A rise in campus crime has created the need to address the content of the university’s emergency alert messages, according to some faculty senators.
The Faculty Senate met with Ralph Meyer, University Police Department chief, and UPD Captain Rickey Lattie during their Feb. 12 meeting to discuss how students, faculty and staff can be reassured that the Texas State campus is safe.
Michel Conroy, Faculty Senate chair, said the Faculty Senate suggested sending out a notice reinforcing the safety of the campus when UPD sends alerts declaring the conclusion of an emergency. When so many alerts are sent, Conroy said it is important for the university to make the community feel safe.
“You are reading these alerts and thinking, ‘Is the crime rate going up?’” said Roselyn Morris, senator for the McCoy College of Business.
Senators also suggested sending out a message at the beginning of each semester highlighting that the university is safe. Meyer and Lattie agreed that disseminating positive messages after emergencies end and at the beginning of each semester are good ideas.
It is the students’ rights to know about emergencies, Meyer said. Alerts are “federally mandated” and need to go out as fast as possible, he said. The university is fined if an alert does not go out within 45 minutes, he said.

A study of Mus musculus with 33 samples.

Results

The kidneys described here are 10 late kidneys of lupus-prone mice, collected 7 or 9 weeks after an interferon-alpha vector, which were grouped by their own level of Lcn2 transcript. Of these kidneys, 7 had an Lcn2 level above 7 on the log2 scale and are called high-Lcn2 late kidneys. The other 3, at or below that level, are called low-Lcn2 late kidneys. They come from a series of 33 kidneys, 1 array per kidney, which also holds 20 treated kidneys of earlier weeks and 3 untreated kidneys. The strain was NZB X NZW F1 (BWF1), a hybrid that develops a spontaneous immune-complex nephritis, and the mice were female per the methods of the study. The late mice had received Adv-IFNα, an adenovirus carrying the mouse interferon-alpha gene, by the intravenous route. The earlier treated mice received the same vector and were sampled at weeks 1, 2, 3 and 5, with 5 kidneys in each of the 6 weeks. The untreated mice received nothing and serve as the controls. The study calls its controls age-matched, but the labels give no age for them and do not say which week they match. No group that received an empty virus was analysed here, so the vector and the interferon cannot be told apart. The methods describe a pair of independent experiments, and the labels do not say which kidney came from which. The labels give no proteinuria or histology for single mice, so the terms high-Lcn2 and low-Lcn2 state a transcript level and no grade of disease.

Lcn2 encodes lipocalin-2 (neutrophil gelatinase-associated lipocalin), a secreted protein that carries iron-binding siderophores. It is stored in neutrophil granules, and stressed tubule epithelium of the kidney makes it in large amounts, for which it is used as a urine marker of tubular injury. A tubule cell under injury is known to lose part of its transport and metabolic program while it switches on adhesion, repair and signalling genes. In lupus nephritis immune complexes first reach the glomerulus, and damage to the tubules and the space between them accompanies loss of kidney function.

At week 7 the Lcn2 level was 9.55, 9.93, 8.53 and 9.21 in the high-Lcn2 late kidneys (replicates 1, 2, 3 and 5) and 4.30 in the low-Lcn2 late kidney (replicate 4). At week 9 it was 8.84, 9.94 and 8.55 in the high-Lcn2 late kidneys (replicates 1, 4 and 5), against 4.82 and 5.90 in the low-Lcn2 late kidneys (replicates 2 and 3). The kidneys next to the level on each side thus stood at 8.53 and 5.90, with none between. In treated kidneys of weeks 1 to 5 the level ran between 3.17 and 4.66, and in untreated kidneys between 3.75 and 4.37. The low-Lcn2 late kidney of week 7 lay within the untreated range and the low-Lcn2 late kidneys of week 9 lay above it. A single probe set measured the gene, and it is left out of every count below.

Meyer and Lattie updated the senators on current crime rates on campus.
Burglaries are the most common crime, Meyer said. In 2012, 41 burglaries occurred on campus, according to the Clery Crime Statistics report.
“One of our highest crimes is theft, which is understandable,” Lattie said. “You’re always going to have that with young people.”
Emergency alerts are sent out in 140 characters or less, and “timely warnings” are longer messages disseminated through University News Service, Lattie said.
“Timely warnings are more like trends,” Lattie said. “Emergency messages are what’s ‘hot’ right now. That’s the difference between them.”
The 140 character limit means a lot of information has to be put into very short sentences, and it has to be “an alert that makes sense,” Meyer said.
Many students stop reading an alert after the first few words, so the message has to get to the point quickly. Students, faculty and staff are instructed to go to the school website for more information on emergency situations, Meyer said.
In terms of being safe on a national level, the university is “comparable,” Lattie said.
In regards to hate crimes, “this generation’s not that bad” about committing them, Lattie said. Very few hate crimes happen on campus, he said. Theft in the campus library has gone “way down” from what it was years ago, Lattie said.
“Overall, our crime statistics have gone down in the last few years or have stayed the same,” Lattie said.